The outbreak of Listeriosis in the United States: At least three people died, and 22 were hospitalized


The outbreak of Listeriosis in the United States: At least three people died, and 22 were hospitalized due to contaminated salad.

The CDC warned that packaged foods from two different brands had sickened people in 13 states across the country.

Two listeriosis outbreaks linked to packaged salads have caused at least three deaths and led to the hospitalization of 22 people in the United States, the Centers for Disease Control and Prevention (CDC) warned on Thursday.

One of the outbreaks is related to products from the Fresh Express firm and has caused ten people to be hospitalized in 8 states, of which one died.

The other outbreak was linked to similar Dole products. In this case, 16 infected people have been registered in 13 states, with ten hospitalized and two deaths.

Listeriosis is an infection caused by eating food contaminated with Listeria monocytogenes. The CDC estimates that each year in the US, about 1,600 people become ill from this cause, 260 die.

The infection is more likely to affect pregnant women and their newborns, adults 65 and older, and people with weakened immune systems.

"Interviews with sick people and laboratory data show that packaged salads, Fresh Express brand, can be contaminated and make people sick," the agency noted.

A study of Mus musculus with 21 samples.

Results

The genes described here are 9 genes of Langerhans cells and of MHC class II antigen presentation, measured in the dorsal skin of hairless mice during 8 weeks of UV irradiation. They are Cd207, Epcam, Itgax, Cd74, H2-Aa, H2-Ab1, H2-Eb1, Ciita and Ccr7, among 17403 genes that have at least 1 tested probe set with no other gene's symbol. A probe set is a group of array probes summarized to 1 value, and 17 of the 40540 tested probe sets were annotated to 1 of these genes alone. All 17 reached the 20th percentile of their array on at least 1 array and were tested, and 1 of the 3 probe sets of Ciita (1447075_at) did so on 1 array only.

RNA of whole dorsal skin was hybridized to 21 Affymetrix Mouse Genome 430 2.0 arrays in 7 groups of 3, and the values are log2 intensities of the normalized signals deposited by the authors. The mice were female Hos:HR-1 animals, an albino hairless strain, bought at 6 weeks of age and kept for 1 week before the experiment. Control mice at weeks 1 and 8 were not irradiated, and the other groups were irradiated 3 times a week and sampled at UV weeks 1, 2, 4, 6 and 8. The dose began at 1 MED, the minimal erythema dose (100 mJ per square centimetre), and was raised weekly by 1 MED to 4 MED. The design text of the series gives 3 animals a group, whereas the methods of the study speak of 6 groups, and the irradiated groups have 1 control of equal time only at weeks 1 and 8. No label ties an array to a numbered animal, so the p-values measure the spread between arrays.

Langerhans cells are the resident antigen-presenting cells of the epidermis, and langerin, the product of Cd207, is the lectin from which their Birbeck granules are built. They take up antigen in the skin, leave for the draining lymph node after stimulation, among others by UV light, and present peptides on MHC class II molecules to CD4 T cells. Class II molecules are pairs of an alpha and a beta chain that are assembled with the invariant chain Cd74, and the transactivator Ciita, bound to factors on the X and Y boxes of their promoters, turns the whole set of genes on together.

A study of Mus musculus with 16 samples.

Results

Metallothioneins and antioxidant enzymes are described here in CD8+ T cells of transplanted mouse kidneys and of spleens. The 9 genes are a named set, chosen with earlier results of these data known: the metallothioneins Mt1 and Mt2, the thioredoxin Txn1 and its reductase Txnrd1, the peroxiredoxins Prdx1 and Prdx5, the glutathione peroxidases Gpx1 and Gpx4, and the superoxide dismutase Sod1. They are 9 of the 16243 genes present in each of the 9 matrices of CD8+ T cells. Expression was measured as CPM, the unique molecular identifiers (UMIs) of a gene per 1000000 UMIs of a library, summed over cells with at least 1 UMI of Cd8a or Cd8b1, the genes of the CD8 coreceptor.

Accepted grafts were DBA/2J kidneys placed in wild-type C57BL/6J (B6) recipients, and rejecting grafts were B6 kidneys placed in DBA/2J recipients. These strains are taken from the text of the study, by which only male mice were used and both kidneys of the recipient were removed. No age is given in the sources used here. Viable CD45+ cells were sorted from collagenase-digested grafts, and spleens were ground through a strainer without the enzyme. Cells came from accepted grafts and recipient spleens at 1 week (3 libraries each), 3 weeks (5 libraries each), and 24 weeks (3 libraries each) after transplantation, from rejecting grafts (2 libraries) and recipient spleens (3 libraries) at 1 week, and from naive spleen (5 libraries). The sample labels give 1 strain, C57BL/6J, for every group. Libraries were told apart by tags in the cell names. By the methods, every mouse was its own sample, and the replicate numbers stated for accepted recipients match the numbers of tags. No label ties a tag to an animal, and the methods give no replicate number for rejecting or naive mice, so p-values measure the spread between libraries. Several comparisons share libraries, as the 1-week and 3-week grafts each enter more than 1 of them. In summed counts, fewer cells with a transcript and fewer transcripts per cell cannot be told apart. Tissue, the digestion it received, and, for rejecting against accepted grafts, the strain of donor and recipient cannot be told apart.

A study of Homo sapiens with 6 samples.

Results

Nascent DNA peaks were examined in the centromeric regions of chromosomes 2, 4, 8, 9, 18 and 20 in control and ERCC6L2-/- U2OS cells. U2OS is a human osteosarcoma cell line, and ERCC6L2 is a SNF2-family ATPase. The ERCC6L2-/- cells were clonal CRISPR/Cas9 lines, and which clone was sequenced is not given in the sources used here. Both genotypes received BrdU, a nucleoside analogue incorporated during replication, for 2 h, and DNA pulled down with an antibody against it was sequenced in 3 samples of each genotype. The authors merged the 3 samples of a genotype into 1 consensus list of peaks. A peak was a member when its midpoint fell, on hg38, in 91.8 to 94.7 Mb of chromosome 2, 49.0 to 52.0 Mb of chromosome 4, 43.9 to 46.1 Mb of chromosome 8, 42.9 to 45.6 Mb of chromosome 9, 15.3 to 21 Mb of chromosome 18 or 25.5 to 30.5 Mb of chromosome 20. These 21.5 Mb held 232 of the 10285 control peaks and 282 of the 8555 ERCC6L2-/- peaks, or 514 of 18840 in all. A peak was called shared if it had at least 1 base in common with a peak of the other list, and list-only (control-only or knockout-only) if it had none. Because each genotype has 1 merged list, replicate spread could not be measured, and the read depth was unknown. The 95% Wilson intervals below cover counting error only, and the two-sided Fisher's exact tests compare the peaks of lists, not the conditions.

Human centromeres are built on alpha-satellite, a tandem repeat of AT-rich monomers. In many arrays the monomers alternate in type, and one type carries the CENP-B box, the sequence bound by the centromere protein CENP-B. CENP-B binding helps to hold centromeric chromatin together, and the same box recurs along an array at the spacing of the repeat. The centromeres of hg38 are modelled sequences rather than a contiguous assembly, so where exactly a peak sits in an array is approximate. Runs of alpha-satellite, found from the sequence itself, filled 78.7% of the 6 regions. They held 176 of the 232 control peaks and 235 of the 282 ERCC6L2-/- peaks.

Last Monday, the Fresh Express firm announced that it was recalling several salads, including the brands Fresh Express, Bowl & Basket, Giant Eagle, Little Salad Bar, Marketside, O Organics, Signature Farms, and Simply Nature, Weis Fresh from the Field and Wellsley Farms Organic.

The agency also warned that recent epidemiological and laboratory data indicate that packaged salads produced by Dole could also be contaminated.

On Wednesday, Dole recalled several of its prepared salads, including the Ahold, Dole, Kroger, Lidl, Little Salad Bar, Marketside, Naturally Better, Nature's Promise, and Simply Nature brands.

The CDC advised the public not to eat these salads and throw them away or return them to the market where they were purchased. He also recommended cleaning the refrigerators and surfaces that have been in contact with salads.

" Listeria can survive in the refrigerator and spreads easily to other foods and surfaces, " the CDC added.